In an effort to control my milia and closed comedones (white heads) I have always tried to control 2 things – what goes in and what goes on. Essentially, I try to approach my skin care from a holistic perspective. This is something I took a long time to learn, and I will by no means say I have perfected my holistic skin care routine – just read my last blog “What are those little white bumps on my face…?”. However, I do have a much more educated idea of what to do to control my skin and to try to regain a little confidence. As I often talk about what to put on your skin, I thought I’d devote this blog to what goes in…
I grew up in South Africa between the cities of Johannesburg and Durban, and the rural farm areas of Krugersdorp and northern Kwa-Zulu Natal. I was a typical child that would put just about anything in my mouth – I ate sand, I followed ants and then licked them, I sucked on the juicy stalks of the tall African grasses, I even remember licking my cat at one point. I was also exposed to interesting and tasty foods. I remember eating many things on my grandparents Krugersdorp farm: prickly pears (a kind of cactus pear), rock pigeon hearts and livers, and fresh milk (have you ever had truly fresh milk?). The best part was that I was encouraged to try these things for myself. I am sure I owe my health and lack of allergies to this childhood in Africa.
It’s this exposure that has meant I’ve always had an open mind when it comes to food. I’ve tried so many diets, trendy foods, and a few weird things (think of the barnacles you find on the bottom of a boat – yup, they’re a delicacy in Portugal) that I will pretty much try anything if it will help my skin. So this January, I embarked on a “Clean and Lean Diet” ala Elle McPherson’s favourite trainer James Duigan:
(http://www.booktopia.com.au/the-clean-and-lean-diet-james-duigan/prod9781856269322.html ) I’ll spare you the details, but essentially this diet advocates:
After that you can add in some fruit and high quality carbohydrates (quinoa, pumpkin, corn, beans) – and yes, if you want you can go back to caffeine.
The most important reason I chose this diet is simple – the only reason we developed into the intelligent homo sapiens we are today is because of what we were able to catch and find to eat. So over the last 200,000 years we ate meat, vegetables, and the occasional fruit when we could find it. We did not become the intelligent beings that we are by eating farmed crops and processed foods. This has only come about in the last 10,000 years since the advent of farming. I firmly believe we should eat what we are genetically designed to eat.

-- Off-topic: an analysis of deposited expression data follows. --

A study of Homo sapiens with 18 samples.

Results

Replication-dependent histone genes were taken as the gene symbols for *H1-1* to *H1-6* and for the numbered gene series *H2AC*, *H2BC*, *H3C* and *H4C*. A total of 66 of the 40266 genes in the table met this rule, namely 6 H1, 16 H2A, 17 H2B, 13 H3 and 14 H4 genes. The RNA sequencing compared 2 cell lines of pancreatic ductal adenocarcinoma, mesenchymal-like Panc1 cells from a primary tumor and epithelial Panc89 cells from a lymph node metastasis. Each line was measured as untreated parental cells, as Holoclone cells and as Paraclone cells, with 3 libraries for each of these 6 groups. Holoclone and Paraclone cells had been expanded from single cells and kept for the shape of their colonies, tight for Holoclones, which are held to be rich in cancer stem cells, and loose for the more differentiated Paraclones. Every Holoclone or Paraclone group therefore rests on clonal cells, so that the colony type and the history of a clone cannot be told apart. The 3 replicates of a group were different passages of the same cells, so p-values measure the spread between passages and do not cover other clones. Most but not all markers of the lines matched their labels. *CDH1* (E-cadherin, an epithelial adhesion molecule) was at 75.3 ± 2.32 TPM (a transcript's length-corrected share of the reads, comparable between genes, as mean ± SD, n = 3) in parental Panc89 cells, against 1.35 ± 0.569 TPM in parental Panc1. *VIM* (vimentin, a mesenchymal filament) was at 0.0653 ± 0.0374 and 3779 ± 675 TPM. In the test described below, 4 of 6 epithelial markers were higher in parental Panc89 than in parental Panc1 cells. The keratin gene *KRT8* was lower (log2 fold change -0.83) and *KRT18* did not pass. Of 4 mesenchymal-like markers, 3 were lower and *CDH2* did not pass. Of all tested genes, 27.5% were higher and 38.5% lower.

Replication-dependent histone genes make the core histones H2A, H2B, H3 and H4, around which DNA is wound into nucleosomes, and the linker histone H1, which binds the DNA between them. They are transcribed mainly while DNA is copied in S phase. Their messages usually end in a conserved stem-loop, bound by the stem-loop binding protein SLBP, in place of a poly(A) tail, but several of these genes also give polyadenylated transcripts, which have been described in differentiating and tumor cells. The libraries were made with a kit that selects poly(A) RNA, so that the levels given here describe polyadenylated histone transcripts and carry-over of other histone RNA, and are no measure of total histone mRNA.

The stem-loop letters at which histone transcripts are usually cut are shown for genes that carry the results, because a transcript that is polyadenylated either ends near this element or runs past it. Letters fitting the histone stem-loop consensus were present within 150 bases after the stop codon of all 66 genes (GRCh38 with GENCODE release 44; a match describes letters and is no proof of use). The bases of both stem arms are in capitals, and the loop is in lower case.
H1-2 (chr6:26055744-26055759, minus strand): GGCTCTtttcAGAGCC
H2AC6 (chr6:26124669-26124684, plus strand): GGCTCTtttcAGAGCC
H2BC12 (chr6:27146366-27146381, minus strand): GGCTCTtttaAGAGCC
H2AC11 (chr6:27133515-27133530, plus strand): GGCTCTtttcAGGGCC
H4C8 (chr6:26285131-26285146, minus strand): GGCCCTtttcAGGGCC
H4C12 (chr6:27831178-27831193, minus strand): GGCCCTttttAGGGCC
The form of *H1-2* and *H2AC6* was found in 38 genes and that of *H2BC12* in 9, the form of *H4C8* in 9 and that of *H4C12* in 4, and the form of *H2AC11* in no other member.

In everyday life I tend to eat lots of veggies and meat anyway so that part of the diet wasn’t hard. I would start with eggs in the morning (and by the end my eggs became very creative!), a big salad for lunch, and then some veggies and chicken/ fish/ lamb/ mince for dinner with some nuts, hummus, avocado, cherry tomatoes, and sliced red capsicum for snacks in between. When I was out I would often eat just the meat with a side order salad or veg. No brown rice, no quinoa, no wheat free pasta. No carbs at all except those I was getting from my veggies. Giving up caffeine was hard – I actually don’t drink more than 2-3 cups of coffee a week – my vice is English breakfast tea. And of course saying goodbye to my evening glass of wine made me pretty sad and a bit of a social hermit… sometimes after a long day all you want is that one glass of wine. You even tell yourself you deserve it... Giving up dairy wasn’t hard when the tea was gone. I also went back to the studio I love and took up hot yoga again for the first time in a year. Of course there were days that I wasn’t 100% perfect, but that’s ok I’m only human.
And after having done this diet for 2 weeks, and then for the last few weeks bringing back my fruit in the morning (2 slices of papaya) and some quinoa, I look and feel much better. My stomach is flatter. I’ve lost 2.5kgs. I’ve gained some muscle. But most importantly - my skin is much clearer. The bags under my eyes have reduced and the darkness has subsided. My skin looks smooth – I may even dare to say that my closed comedones seem to have calmed down…! I always know when something has worked when I feel confident to go out wearing just a tinted moisturiser, under eye primer (no concealer) and mascara. It’s such a freeing feeling – and I’ve gained an extra 5-10 minutes in the morning!
The only side note I should make is that since I’ve been eating this way, I have noticed that whenever I do eat gluten or dairy again I truly feel ill the next day. I don’t sleep well, I feel down and tired the next day, and my skin looks sallow. Yes it tastes great at the time (that’s the sugar high for you!), but the result is that it takes 2-3 days to get back to looking and feeling how I was before I indulged…
So this means I think I have a good handle on my “what goes in” and I feel much more in control. I would definitely encourage you to read this book or something similar (think paleo) and give it a try for yourself. And always remember – what works for other people may not work for you. Take the time to think about what’s right – do you feel a bit queasy after eating cheese? Are you tired the day after eating pizza? Are you moody when you eat carbohydrates or sugars (even too much fruit)?
Good luck on your inner skin care journey!
The Luxe Botanics Team
Comments will be approved before showing up.
We call it our “Brightening Powerhouse.”
Allure calls it “Superfood for Your Face.”
And it’s NOT acai.
Don’t Be a Greenwashing Victim: There are unfortunately a bevy of products out there that tell you they are “chemical-free” and completely “natural” and “pure,” but many times it means something far different than what you imagine.